A beautiful, sunny sky helped to christen CHS Field for the first home game of the St. Paul Saints’ 2021 season on Tuesday night, but there were a few notable absences. More than half of the stadium remained empty due to COVID-19 crowd restrictions, and the home dugout was missing some key faces that many figured would be playing in this first home series.
When it was announced that the Saints would become the Minnesota Twins’ Triple-A affiliate starting this year, fans gushed at the idea of seeing the organization’s top prospects in their final stop before making it to the big leagues. The Twins faithful dreamed of seeing shortstop Royce Lewis and outfielder Alex Kirilloff donning the old English STP hat, or maybe the Pig’s Eye alternate cap if they were lucky.
However, 2021 has taught the Twins organization a heartbreaking lesson so far: Things don’t always go as planned. As luck would have it, the top two prospects in the system are both on the shelf.
Tuesday night’s biggest missing piece, however, was 2018 first-round pick Trevor Larnach. The slugger received a promotion to the big league club when Byron Buxton was placed on the IL with a hip strain. Go figure. Of course, it was pretty much inevitable that the highly touted outfielder would graduate from the minor leagues at some point this season. After all, he’s dominated every level since being drafted 20th overall in 2018.
So what does he bring to the table, and can his early promotion thrust the Twins out of their current slump?
The Twins drafted Larnach as a junior out of Oregon State University, where he spent three seasons on the Beavers’ roster. He helped lead his team to the College World Series in 2018, hitting a dramatic go-ahead home run in the ninth inning of the second game. From there, he would go on to make a name for himself as a big bat in Minnesota’s developmental pipeline.
In 172 minor league games, Larnach was an absolute force at the plate. He crushed 20 home runs and drove in 96 runs, routinely batting in the heart of the order.
This should excite Twins fans.
Bullpen issues aside, the team’s biggest downfall this year has been a clear lack of clutch hitting.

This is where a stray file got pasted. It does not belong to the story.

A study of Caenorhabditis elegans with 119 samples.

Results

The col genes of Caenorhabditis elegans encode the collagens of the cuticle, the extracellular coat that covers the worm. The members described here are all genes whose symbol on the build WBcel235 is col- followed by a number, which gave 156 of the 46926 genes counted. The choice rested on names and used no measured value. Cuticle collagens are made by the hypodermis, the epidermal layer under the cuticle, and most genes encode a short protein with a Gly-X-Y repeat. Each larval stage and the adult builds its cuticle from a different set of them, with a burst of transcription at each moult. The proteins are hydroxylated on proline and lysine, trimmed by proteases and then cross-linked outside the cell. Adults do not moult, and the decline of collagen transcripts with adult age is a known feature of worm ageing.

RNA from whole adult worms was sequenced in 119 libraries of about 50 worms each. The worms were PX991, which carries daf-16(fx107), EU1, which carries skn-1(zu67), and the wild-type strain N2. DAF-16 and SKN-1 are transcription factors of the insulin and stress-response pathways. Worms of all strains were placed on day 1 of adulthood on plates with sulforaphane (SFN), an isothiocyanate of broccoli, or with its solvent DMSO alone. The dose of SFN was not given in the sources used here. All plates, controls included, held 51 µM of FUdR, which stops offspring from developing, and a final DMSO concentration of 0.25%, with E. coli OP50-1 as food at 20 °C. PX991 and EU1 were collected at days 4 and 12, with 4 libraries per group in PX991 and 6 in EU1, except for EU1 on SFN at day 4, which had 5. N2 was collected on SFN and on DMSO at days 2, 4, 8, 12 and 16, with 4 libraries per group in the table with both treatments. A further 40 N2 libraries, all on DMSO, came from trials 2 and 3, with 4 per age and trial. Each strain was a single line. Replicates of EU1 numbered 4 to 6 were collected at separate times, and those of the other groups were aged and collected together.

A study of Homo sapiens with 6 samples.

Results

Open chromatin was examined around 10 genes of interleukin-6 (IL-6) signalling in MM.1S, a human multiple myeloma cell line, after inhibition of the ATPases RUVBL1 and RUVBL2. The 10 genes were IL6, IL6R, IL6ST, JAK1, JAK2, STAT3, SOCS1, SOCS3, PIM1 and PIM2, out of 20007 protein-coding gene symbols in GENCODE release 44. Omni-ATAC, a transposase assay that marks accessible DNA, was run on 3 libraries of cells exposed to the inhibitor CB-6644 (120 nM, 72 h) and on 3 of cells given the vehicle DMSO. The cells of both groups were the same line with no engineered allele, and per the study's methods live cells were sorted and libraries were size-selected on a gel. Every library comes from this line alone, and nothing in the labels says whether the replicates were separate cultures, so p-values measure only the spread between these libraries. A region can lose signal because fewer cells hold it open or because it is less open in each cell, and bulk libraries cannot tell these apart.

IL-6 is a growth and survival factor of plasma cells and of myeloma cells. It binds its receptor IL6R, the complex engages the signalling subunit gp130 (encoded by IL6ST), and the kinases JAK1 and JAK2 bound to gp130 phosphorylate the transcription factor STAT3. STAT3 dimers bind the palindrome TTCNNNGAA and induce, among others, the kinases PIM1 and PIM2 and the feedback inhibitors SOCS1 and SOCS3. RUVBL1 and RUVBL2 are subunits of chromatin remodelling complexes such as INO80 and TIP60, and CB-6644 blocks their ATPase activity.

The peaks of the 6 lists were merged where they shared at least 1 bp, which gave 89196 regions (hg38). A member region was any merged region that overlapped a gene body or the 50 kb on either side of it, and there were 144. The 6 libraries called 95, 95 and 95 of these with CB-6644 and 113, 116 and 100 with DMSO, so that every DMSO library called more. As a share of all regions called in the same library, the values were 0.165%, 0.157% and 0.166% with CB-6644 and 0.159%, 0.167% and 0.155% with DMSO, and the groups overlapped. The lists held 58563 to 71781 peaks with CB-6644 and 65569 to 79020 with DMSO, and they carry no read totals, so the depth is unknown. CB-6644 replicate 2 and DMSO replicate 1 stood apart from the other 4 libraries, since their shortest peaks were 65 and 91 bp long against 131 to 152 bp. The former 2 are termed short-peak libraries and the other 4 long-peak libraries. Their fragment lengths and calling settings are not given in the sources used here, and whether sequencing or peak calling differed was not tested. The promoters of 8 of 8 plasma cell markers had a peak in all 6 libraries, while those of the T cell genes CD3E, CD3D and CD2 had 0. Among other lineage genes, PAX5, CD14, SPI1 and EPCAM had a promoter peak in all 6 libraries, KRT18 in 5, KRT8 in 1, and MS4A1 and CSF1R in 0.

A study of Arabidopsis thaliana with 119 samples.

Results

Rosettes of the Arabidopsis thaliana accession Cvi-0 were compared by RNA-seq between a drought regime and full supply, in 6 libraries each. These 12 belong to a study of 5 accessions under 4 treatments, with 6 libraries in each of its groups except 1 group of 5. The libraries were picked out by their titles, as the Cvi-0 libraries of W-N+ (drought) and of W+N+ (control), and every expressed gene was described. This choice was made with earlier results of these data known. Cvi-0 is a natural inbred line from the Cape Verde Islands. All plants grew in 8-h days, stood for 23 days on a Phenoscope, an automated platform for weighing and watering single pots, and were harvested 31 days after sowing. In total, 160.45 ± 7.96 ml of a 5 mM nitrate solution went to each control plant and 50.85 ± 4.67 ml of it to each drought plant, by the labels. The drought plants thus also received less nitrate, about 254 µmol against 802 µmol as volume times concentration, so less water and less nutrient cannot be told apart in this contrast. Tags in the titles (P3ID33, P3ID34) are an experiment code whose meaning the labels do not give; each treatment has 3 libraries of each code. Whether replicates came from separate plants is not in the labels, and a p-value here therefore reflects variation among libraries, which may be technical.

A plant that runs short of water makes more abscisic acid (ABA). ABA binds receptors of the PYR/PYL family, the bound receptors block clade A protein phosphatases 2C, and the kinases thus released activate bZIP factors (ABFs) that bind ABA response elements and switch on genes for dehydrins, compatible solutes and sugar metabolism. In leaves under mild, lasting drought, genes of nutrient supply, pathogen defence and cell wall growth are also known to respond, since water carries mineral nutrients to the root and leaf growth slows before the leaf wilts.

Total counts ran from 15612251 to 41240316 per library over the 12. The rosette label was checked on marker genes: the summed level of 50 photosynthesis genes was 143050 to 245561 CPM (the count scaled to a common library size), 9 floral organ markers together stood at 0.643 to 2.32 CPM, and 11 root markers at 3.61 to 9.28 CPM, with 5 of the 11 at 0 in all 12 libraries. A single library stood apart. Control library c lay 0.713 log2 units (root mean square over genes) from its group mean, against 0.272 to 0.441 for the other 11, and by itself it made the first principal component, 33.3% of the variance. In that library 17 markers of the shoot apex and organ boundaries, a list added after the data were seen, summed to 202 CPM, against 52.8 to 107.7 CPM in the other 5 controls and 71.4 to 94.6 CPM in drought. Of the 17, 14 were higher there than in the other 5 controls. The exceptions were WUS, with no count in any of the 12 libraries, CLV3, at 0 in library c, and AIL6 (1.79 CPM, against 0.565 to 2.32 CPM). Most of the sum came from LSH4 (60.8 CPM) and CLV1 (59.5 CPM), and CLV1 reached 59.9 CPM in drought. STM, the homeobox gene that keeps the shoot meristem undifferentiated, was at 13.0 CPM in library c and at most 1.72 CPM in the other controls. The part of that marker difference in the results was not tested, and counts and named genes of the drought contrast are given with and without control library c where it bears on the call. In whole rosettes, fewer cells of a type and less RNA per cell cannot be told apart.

The pattern usually goes something like this: The Twins score early, starting pitchers hold their own for the most part, bullpen comes in and leaks a few runs, and the offense can’t scratch enough run support to pull through.
Tuesday night was a perfect example.
Jorge Polanco got the Twins on the board with a two-run bomb. Kenta Maeda was shaky early but straightened out enough to get through five innings. Then the bullpen comes in and breaks the tie. But the defining aspect of that loss was that the Twins offense left 10 runners on base throughout the game.
Even though manager Rocco Baldelli decided to pinch-hit for Larnach in the seventh inning with two runners on, that was mostly to play the splits, as the Chicago White Sox were bringing in a left-handed reliever. The hope — even expectation — is that Larnach will soon be relied upon to knock those runs in with the clutch hitting that he displayed in the College World Series and minor league levels.
That would be an immense relief for the club, as they have struggled with runners on. Take a look at the performance of some key members of the offense:
- Jake Cave has a .150 on-base percentage with runners in scoring position (fifth-lowest in MLB).
- Max Kepler has a .074 well-hit average with runners on (fourth-lowest in MLB).
- Miguel Sano has struck out in 41.4% of plate appearances with runners on (12th-highest in MLB).
Their performance has been a huge factor in determining why the Twins have an atrocious .307 on-base percentage in prime scoring opportunities with runners on base (fourth-lowest in MLB).
If there is any sort of silver lining to this, it’s the fact that Larnach’s presence pushes these struggling players aside when needed, especially when they return from the injured list.
When Buxton returns, the team won’t have to turn to Cave quite so much, especially with Larnach providing a bigger offensive threat in the corner.
When Kirilloff returns, he can play first base while Larnach fills in his spot in the outfield.
If the Twins can get back to full strength, they could have a potentially potent, lefty-heavy lineup against right-handed pitchers.
Of course, Larnach’s presence alone doesn’t automatically fix the issues currently plaguing the Twins. After all, he is a rookie who has yet even to get a hit at the MLB level. But given his reputation and the fact that the current pieces have been underwhelming, it may be time for the Twins to figure out what he can do in big spots.
If they hope to dig themselves out of the AL Central cellar, Larnach may have to step up and assert himself as a game-changing, clutch bat. Otherwise, he may find himself back under the sunny sky in St. Paul.